After denying a request to have her death sentence commuted to life in prison, the Tennessee Supreme Court on Monday set an execution date for Gaile K. Owens.
Unless Gov. Phil Bredesen intercedes on her behalf, Owens will be executed at 10 p.m. Sept. 28 at Riverbend Maximum Security prison.
“We are disappointed in the Supreme Court’s ruling,” George Barrett, Owens’ commutation attorney, said. “The life of Gaile Owens still hangs in the balance. We now look to Gov. Bredesen in hopes that he will commute her sentence to life in prison so we can avoid another first for Tennessee — the execution of a battered woman.”
Owens’ legal team and supporters will hold a news conference at 10 a.m. Tuesday, April 20, at the law offices of Barrett, Johnston & Parsley to discuss the Supreme Court’s order regarding Owens’ commutation request.
In its request to have an execution date set, the state alleged that Owens had completed the standard three-tier appeals process. But Owens’ legal team responded to the request by asking the court to vacate her death sentence and commute it to life in prison.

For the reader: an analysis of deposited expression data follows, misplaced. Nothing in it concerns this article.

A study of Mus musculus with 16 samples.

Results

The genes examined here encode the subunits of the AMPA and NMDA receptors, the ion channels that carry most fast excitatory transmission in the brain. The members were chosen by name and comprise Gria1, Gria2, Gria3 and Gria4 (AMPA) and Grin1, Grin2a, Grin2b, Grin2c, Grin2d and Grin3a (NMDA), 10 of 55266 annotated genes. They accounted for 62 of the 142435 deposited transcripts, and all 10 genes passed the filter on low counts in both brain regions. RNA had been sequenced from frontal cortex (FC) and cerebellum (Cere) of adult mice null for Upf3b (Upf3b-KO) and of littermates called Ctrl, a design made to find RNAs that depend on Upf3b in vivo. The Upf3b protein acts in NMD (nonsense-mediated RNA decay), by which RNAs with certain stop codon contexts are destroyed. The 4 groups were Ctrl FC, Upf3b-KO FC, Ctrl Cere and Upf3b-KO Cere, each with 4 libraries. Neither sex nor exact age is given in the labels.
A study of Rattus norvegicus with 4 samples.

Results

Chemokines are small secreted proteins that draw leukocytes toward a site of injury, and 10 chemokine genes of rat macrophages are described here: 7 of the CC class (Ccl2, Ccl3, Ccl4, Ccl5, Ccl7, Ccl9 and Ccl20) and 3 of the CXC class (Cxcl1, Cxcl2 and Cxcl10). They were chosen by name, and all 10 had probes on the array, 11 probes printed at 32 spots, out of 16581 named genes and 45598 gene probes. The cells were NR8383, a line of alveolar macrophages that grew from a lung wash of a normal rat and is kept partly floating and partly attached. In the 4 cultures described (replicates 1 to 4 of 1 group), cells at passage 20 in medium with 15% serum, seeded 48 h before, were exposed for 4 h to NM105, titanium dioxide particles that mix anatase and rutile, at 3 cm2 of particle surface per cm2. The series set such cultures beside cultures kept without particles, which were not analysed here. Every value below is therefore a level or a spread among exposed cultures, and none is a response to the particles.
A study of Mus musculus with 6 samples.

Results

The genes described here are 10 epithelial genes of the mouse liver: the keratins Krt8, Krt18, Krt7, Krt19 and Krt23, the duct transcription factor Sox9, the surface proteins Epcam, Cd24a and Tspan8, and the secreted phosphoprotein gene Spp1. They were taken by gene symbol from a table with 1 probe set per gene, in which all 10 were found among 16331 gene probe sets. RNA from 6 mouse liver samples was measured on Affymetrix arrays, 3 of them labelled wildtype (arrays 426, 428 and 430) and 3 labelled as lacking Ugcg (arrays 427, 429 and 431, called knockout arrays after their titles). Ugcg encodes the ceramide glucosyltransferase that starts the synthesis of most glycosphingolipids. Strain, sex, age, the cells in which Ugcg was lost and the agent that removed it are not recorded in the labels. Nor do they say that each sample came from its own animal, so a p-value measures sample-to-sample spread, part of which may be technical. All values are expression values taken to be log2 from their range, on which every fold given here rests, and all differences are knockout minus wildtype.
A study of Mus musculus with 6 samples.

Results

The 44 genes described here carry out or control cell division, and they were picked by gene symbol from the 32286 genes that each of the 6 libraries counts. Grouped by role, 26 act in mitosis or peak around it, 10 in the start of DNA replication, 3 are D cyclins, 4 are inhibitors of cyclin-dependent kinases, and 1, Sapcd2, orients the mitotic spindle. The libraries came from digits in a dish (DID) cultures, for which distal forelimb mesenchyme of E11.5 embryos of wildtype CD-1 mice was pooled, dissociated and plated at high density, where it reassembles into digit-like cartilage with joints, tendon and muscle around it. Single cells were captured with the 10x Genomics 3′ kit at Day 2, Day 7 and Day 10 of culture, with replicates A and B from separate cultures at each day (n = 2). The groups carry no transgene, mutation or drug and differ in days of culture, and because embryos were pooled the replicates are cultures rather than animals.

“After carefully considering Ms. Owens’ request that we modify her sentence to life, we respectfully decline to do so because this court does not have the authority, under Tenn. S. Ct. R. 12.4(A) or any state statute or court precedent, to grant this relief at this stage of the proceeding,” the ruling stated.
Owens has been on death row since she was convicted in Shelby County of accessory before the fact in the 1985 murder of her husband, Ronald Owens. She entered prison in February 1986. Sidney Porterfield, the man who was convicted of killing her husband, was also sentenced to death.